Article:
Friday, May 10, 2019

THE LAST ANNIVERSARY


Review of THE LAST ANNIVERSARY by LIANE MORIARTY

First let me say that I liked this book. I like (often love, sometimes adore) all of Moriarty’s work. However, interestingly enough THE LAST ANNIVERSARY is both my least favorite so far as well as the one that best handled my pet peeve about her writing.

That pet peeve is that she always plants a piece of mystery bait early in the story to keep the reader hooked out of a desire for answers. I find this tension technique overdone and unnecessary, especially in Moriarty’s case since she writes such strong and intriguing characters. The withheld mystery in THE LAST ANNIVERSARY is regarding a local legend. A baby was discovered abandoned, the parents mysteriously gone with no explanation. However, it’s clear from an opening chapter that at least some people know the true story behind this mystery and, as is standard for a Moriarty novel, those secrets will not be revealed until the dramatic ending.

The withheld mystery didn’t bother me as much in this novel as it has in others, I suspect because Sophie doesn’t know either. While the book dips into other perspectives, I viewed Sophie as our protagonist and felt comfortable watching secrets unfold along with her. I think it frustrates me more when a character already knows something, but only ever thinks about it with vague, veiled wording meant to intrigue without explaining. Or even when someone else knows, but all it would take is simply asking them.

Moving away from my pet peeve point, though, what I adore about Moriarty’s writing is the nuanced characters and how all the relationships pop with believable chemistry. Yet I experienced that the least in this book so far. The characters felt a little flatter, less developed. I didn’t buy them as people I might meet, like I normally do with her characters. I struggled keeping track of everyone, as well as their relations to each other.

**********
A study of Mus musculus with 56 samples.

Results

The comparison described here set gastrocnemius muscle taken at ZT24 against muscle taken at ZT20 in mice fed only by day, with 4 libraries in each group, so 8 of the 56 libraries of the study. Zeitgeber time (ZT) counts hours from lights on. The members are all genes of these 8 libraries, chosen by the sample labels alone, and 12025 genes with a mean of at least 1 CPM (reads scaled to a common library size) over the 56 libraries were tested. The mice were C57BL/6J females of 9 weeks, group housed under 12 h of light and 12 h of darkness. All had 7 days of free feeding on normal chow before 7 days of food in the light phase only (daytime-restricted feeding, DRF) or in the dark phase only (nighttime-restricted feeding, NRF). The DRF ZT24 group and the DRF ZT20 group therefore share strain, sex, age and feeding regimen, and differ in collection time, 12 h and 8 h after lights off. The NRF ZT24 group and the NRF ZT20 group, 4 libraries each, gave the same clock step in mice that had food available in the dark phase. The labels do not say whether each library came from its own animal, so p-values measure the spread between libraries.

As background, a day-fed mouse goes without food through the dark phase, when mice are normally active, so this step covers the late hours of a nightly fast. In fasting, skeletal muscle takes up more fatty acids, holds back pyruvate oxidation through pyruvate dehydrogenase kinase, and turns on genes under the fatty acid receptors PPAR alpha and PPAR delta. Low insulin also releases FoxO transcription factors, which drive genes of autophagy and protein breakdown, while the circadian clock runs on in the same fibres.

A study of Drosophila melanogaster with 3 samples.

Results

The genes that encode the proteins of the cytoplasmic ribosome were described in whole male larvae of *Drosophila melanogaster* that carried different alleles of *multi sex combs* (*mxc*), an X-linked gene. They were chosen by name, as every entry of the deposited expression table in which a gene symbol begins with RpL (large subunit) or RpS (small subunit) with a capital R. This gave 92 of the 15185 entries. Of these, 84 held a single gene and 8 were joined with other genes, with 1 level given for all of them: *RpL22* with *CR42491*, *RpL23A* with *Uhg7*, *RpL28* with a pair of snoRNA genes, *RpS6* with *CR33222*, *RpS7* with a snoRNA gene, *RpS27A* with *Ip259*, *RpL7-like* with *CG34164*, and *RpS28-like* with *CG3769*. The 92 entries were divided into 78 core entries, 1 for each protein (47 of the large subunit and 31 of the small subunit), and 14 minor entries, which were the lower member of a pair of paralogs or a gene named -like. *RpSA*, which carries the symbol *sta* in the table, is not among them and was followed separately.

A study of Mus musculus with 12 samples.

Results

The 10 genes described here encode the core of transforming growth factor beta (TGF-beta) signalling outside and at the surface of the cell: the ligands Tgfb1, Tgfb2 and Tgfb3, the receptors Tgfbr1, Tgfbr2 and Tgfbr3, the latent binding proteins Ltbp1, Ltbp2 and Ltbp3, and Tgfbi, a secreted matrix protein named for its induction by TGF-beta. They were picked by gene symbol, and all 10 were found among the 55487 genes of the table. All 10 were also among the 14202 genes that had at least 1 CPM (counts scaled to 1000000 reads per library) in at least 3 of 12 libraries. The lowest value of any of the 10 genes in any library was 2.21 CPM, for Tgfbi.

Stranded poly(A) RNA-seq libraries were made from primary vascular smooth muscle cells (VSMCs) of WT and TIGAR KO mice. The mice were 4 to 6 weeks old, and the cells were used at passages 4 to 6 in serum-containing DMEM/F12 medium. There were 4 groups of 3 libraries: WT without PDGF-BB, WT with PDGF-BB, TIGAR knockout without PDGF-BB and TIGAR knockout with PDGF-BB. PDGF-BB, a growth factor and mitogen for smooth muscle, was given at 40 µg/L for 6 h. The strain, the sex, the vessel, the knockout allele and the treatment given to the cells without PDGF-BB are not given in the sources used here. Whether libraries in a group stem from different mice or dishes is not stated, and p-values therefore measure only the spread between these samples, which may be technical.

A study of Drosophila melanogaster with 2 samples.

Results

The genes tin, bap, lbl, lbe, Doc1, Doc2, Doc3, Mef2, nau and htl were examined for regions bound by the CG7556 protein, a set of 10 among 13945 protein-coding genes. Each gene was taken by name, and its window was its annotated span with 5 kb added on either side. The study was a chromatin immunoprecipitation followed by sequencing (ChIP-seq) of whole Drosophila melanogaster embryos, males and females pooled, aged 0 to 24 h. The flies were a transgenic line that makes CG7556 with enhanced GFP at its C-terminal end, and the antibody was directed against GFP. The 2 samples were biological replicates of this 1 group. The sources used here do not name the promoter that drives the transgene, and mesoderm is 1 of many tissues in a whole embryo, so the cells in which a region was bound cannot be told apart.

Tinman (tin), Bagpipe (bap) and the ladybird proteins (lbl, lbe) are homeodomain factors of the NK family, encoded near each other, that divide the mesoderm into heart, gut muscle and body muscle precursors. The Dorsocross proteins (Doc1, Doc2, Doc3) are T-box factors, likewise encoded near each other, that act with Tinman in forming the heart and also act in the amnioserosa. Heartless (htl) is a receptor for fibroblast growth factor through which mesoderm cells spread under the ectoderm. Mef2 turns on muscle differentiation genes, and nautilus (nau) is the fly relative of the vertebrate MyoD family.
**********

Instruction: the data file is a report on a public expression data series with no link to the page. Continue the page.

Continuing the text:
Having established that this one is opposite to my usual Mortiarty impressions, let me back up and explain the premise a bit more. Sophie is single when her one-that-got-away, and now married, ex approaches her with a bizarre situation. His aunt has passed away…and left her house to Sophie, much to the fury of other family members. Sophie loved that house, probably part of why the aunt left it to her. It’s on a small island infamous for the unsolved mystery. Generations back, the aunt’s family found that abandoned baby in a house they rented, with absolutely no sign of what happened to the parents.

Aside from the underdeveloped characters, I do have a few more criticisms with this one than I normally do with this author. I’m afraid I called almost every single twist in the entire book, including the main one about the original Munro Baby mystery. My frustration over this is lessened by the fact that there was one small twist near the end that I didn’t see coming and I was pleased to be taken by surprise by that one. 

Unfortunately, I will also say that the final explanation for the big Munro Baby mystery didn’t fully satisfy me. I have to suspend my disbelief far too much to be convinced, especially in proportion to how long that information is dramatically withheld. The explanation seems to rest entirely on the incompetency of others.

Honestly, I think this is fantastic book that fell a little short of the high bar I set for Moriarty’s work. The short chapters make it a fast read, and, as ever, Moriarty infuses everything with suspense and complicated relationships.